Clean Power Plan not a danger to PJM states — report 

Source: Jean Chemnick, E&E reporter • Posted: Tuesday, March 17, 2015

The strategic consulting firm Analysis Group took aim again today at Clean Power Plan critics who charge the U.S. EPA rule will harm grid reliability.

In a new report focused on the area served by regional transmission organization PJM Interconnection, the Analysis Group argued that the existing power plant rule allows ample opportunity for states to construct rules that will safeguard power supplies while reducing carbon dioxide.

This is particularly the case, the Boston-based firm argued, if states opt to cooperate on regional approaches to rule compliance that would minimize changes to the way electricity is dispatched across the power system. PJM and Midcontinent Independent System Operator (MISO) have both come out in support of regional approaches as a means of complying with the EPA rule.

Today’s report argued that dire warnings about grid reliability are common whenever a major change in the industry is proposed but that issues would only come about if states, regulators and the industry go on autopilot and refuse to respond to problems before they arise.

“Given the significant shifts already underway in the electric system, the industry would need to adjust its operational and planning practices to accommodate changes even if EPA had not proposed the Clean Power Plan,” the report’s executive summary argued.

The report explored the idea — championed by PJM, Federal Energy Regulatory Commission Chairwoman Cheryl LaFleur and others — that EPA insert a reliability safety valve in its final version of the rule to be released this summer (EnergyWire, Nov. 10, 2014).

Such a mechanism would be unnecessary, the Analysis Group found, given the flexibility already present in the rule including the interim compliance period’s “glide path” — which averages emissions rates between 2020 and 2029.

But if EPA does add a new reliability provision to its rule, “we think EPA should design it in a way that creates appropriate incentives for reliance upon normal reliability tools and thus makes it unlikely that a waiver will need to be called upon.”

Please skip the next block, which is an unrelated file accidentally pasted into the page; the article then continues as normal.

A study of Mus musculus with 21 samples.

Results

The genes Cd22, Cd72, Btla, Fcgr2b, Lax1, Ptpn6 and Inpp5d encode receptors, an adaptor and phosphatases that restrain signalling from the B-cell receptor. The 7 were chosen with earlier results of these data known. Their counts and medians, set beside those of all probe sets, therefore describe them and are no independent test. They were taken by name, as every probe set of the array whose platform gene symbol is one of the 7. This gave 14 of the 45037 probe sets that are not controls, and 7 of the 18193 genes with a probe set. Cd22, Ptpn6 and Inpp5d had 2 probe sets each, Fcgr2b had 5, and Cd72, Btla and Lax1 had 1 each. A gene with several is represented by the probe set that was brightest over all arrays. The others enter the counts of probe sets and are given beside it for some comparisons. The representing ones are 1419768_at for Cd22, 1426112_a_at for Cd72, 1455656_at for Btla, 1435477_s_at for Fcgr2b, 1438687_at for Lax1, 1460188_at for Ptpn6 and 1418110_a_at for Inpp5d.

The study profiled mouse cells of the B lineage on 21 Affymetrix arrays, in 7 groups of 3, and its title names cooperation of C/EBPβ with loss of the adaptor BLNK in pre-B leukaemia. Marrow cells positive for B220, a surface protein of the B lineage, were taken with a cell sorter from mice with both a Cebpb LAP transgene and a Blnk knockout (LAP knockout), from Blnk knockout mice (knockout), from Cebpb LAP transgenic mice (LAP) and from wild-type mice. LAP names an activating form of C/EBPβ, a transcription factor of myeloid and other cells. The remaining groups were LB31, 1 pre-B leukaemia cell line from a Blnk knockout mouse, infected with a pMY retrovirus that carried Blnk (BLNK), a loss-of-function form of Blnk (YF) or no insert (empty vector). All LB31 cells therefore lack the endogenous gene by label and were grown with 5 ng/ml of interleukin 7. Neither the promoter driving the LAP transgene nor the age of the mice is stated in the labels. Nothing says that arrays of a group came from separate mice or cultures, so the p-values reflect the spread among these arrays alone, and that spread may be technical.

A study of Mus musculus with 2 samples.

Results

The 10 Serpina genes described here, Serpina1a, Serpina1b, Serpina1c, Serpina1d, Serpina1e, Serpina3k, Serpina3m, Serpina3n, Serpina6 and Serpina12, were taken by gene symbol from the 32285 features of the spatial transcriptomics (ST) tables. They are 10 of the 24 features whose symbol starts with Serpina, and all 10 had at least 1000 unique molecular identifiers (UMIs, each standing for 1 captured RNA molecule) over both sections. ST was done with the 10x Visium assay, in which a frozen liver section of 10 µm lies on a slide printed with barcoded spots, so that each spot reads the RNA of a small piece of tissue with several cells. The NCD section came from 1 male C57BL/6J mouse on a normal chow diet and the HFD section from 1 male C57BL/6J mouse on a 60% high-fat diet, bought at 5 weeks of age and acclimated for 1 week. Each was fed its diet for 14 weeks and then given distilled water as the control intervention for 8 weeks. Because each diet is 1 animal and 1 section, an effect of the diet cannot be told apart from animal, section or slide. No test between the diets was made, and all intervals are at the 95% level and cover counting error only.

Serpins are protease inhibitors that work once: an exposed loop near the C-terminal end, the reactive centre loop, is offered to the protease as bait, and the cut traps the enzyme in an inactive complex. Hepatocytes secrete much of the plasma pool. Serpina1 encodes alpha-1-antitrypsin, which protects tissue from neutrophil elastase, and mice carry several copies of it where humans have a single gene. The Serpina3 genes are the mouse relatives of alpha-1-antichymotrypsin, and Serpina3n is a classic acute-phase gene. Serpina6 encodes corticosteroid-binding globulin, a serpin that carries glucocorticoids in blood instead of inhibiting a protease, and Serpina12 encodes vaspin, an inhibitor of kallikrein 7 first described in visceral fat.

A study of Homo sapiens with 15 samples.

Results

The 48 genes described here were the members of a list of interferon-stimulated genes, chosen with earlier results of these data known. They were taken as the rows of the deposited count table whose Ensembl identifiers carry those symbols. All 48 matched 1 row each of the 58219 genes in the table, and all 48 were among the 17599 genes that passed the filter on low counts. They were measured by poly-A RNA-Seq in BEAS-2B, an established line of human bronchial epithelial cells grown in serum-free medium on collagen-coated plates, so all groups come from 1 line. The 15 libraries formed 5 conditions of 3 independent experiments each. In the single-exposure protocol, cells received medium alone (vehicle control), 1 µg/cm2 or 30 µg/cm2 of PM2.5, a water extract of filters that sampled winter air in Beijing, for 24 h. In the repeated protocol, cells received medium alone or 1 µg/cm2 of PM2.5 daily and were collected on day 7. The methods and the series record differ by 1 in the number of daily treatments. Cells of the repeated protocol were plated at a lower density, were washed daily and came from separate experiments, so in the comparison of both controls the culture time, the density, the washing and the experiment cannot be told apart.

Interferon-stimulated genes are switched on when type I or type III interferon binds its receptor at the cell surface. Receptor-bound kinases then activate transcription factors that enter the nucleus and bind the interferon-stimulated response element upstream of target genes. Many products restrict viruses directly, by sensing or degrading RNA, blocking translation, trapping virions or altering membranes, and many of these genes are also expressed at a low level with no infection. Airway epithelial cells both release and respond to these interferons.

That means an excess of emissions released through the reliability safety valve should be offset somewhere else, the report suggested. And waivers should be granted only after a rigorous and transparent process to determine whether they are appropriate, it said.

Susan Tierney, one of the report’s authors and a former assistant secretary for policy at the Energy Department, said in an interview this afternoon that most of the reliability concerns raised have more to do with worries about cost “than about keeping the lights on.”

If states prioritize carbon mitigation and reliability, they can craft plans — especially in conjunction with their neighbors — that will not jeopardize power supply, she said. And while there are ways to protect low-income consumers from price spikes, the goal of reducing greenhouse gas emissions does warrant some investments.

“Carbon pollution has tremendous costs on the economy,” she said, pointing to her own city’s experience with record-breaking snow this year. “The Supreme Court has said that EPA had to do this.”

The agency has said that while its rule might lead rates to increase in some cases, investments in demand-side efficiency will mean that ratepayers see lower, rather than higher, bills overall.

The Analysis Group released a broader report last month that assessed reliability issues across the country, but today’s report was initially timed for last week’s FERC meeting.

PJM serves 13 states and the District of Columbia, including many of the participants in the Northeast’s Regional Greenhouse Gas Initiative.